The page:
Electronics Production | August 23, 2006

Price Shift Signals Recovery in Large-Sized LCD Panels

A pricing rebound for a key type of panel indicates that the conditions in the large-sized LCD business have shifted back in favor of suppliers for the first time this year, according to iSuppli Corp.
Beginning in the second half of July, pricing for 17-inch LCD panels for desktop PC monitors started to increase. Prices are expected to continue to rise in August, marking the first monthly increase after three quarters of declines for 17-inch panels, the most popular size used in PC monitors.

Increases for 17-inch monitor panel prices are expected to continue throughout the second half of 2006. The average price of 17-inch monitor panels will increase by 19 percent in the second half, rising to $123 in December, compared to $102 in July, iSuppli predicts.

The figure below and attached shows pricing developments for 17-inch desktop PC monitor panels.

The rise in prices brings an end to weak market conditions that had plagued the large-sized LCD panel since fall of 2005. iSuppli defines large-sized panels as those 10-inches or larger.

Prices for 17-inch monitor panels had been on the decline since October of 2005 due to four major factors: lower-than-expected demand in the first half, increased panel inventory in the PC distribution channel, rising capacity at the newer-generation LCD fabs and brand manufacturers' efforts to reduce inventory in order to mitigate risk. Collectively, these factors increased LCD panel availability and spurred drastic price reductions.

But by July of 2006, most of the monitor suppliers started to report normal levels for panel inventories, as price reductions spurred demand and helped clear out stockpiles.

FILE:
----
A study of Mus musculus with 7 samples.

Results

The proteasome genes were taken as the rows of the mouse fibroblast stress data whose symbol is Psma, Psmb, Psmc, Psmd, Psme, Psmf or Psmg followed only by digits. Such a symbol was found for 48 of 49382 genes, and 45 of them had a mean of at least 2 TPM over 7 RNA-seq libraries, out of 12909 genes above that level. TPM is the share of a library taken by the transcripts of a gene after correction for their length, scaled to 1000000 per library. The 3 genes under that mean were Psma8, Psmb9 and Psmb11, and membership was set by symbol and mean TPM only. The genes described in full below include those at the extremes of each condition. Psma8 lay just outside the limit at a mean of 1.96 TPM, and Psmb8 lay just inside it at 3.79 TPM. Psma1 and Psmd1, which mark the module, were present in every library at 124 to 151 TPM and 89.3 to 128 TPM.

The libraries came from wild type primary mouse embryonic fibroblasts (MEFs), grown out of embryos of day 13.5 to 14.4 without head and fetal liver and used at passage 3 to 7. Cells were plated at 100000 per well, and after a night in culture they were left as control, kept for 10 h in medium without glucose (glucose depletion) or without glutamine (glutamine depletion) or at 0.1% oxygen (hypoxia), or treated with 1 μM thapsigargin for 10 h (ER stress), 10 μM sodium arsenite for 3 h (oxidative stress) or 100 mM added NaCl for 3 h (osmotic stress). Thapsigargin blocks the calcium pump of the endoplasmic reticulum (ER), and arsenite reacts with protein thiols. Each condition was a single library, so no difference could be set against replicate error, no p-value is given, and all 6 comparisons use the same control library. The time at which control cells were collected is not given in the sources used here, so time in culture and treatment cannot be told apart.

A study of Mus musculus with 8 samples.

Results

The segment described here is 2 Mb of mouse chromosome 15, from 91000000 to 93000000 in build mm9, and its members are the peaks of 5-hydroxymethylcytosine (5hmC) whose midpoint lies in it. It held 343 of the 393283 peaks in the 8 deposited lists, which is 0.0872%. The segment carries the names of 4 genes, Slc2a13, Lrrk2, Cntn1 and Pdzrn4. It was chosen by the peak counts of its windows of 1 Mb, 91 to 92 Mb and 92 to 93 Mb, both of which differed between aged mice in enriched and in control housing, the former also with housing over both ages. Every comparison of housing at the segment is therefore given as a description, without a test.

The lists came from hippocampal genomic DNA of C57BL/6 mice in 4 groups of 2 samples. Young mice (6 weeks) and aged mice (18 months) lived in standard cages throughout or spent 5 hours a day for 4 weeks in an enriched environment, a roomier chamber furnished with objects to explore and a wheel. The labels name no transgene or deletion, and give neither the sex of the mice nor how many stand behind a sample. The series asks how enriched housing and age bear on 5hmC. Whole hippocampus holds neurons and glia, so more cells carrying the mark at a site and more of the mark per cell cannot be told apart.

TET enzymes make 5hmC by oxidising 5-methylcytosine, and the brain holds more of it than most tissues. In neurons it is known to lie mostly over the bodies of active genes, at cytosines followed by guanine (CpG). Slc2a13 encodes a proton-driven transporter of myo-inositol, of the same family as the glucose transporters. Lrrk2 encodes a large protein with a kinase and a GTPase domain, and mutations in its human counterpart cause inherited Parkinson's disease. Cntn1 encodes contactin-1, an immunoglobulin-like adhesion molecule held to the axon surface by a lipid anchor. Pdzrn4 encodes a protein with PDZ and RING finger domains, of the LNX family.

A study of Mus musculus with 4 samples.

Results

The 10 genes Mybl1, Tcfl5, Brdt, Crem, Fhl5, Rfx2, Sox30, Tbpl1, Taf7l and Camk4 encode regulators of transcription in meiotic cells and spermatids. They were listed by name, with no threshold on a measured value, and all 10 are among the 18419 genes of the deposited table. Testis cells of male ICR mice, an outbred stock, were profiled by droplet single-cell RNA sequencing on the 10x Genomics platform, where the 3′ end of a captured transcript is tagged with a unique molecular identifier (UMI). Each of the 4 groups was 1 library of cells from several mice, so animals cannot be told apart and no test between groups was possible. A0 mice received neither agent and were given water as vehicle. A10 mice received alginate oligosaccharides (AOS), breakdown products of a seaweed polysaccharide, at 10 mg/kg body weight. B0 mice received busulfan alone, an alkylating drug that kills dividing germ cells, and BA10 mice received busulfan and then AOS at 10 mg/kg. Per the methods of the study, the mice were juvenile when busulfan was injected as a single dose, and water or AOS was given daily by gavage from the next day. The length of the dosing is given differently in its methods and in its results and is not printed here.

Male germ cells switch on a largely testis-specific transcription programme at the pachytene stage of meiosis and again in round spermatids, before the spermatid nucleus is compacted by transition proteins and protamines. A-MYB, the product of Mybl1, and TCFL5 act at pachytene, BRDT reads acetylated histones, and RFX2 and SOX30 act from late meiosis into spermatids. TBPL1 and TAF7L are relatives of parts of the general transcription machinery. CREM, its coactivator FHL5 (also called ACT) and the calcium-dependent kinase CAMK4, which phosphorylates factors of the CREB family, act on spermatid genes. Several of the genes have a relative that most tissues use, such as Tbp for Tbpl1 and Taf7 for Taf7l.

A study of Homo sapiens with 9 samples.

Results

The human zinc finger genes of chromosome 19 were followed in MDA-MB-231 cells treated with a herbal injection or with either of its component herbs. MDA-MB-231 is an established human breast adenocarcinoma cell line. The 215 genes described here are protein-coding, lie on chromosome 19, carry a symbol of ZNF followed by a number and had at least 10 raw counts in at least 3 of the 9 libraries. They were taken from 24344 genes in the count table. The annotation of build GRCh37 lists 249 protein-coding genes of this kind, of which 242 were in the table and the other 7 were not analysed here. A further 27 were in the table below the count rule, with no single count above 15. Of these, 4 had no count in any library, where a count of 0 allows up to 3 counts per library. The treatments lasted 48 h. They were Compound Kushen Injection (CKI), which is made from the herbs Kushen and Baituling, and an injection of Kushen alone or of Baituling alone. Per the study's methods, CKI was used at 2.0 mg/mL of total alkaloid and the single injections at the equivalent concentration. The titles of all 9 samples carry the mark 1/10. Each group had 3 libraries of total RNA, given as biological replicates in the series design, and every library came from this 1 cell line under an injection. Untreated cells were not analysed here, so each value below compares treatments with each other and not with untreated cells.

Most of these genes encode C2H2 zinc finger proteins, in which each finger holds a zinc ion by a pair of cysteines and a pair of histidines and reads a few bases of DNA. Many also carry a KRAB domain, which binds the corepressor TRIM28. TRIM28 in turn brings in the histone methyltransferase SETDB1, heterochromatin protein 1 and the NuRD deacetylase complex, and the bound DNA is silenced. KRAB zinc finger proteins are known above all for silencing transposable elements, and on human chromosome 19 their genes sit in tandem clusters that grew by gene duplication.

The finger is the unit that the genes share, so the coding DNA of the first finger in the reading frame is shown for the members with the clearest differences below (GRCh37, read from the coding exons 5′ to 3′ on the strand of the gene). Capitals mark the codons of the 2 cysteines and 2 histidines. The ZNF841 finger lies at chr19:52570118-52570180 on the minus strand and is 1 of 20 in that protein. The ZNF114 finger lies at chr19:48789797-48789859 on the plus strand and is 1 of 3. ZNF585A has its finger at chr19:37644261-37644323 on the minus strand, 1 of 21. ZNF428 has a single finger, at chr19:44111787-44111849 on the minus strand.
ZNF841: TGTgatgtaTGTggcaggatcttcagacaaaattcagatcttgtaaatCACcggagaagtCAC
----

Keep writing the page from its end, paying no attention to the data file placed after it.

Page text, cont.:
However, by the second half of the second quarter of this year, most LCD panel suppliers already started cutting utilization rates to the 85 to 90 percent range, down from as high as 95 percent at the end of 2005. They also began reducing capital expenditures. Many panel suppliers are
announcing cuts in their 2006 and 2007 capital expenditure plans and are delaying expansions or construction of 7.5- and eighth-generation fabs.

"Reductions in LCD panel utilization and capital spending are partly the result of disappointing sales and negative profit margins in the second quarter," said Sweta Dash, director, LCD and projection research for iSuppli. "The large-sized LCD panel market decelerated considerably in the second quarter as demand failed to match suppliers' expectations for sales related to World Cup soccer.

"The market was further depressed by slowing sales to the monitor and mobile-PC businesses due to the extensive inventory build up and weak seasonal demand," Dash added. "Now the PC market is showing signs of life, due to new product introductions and some aggressive price reductions in the mobile-PC microprocessor business."

The decision by panel suppliers to cut their capital spending in 2006 and 2007 will tighten supply. It will impact prices by slowing down LCD-TV panel price reductions in the second half of the year. It could even lead to price stabilization toward the end of the year, when demand is expected to be strong due to the holiday season.

Furthermore, less expansion of higher-generation fabs will mean that when television demand is strong, the supply of monitor and notebook panels will be squeezed, leading to panel price hikes.

Thus, just as demand rebounded, supply has begun to lag behind, resulting in panel price increases.

"Moves to cut capital spending and to reduce utilization indicate that the LCD panel makers' strategy of supply expansion, price reduction and demand creation fails in the television market unless they or a partner has the market presence and price structure to create end user demand," Dash said.

Many panel makers also see no immediate need to build eighth-generation fabs, which are most efficient for making 50-inch TV panels, due to limited demand for that size. However, suppliers such as Sharp and Samsung, which have been successful in creating larger-size LCD-TV demand, still want to establish eighth-generation fabs in order to benefit from first-mover advantage to capture sales from early adopters.

Now that the large-sized LCD panel industry is shifting away from its strategy of frenzied expansion and toward a more rational customer-driven approach to increasing production, the market will be on the path of recovery, iSuppli believes.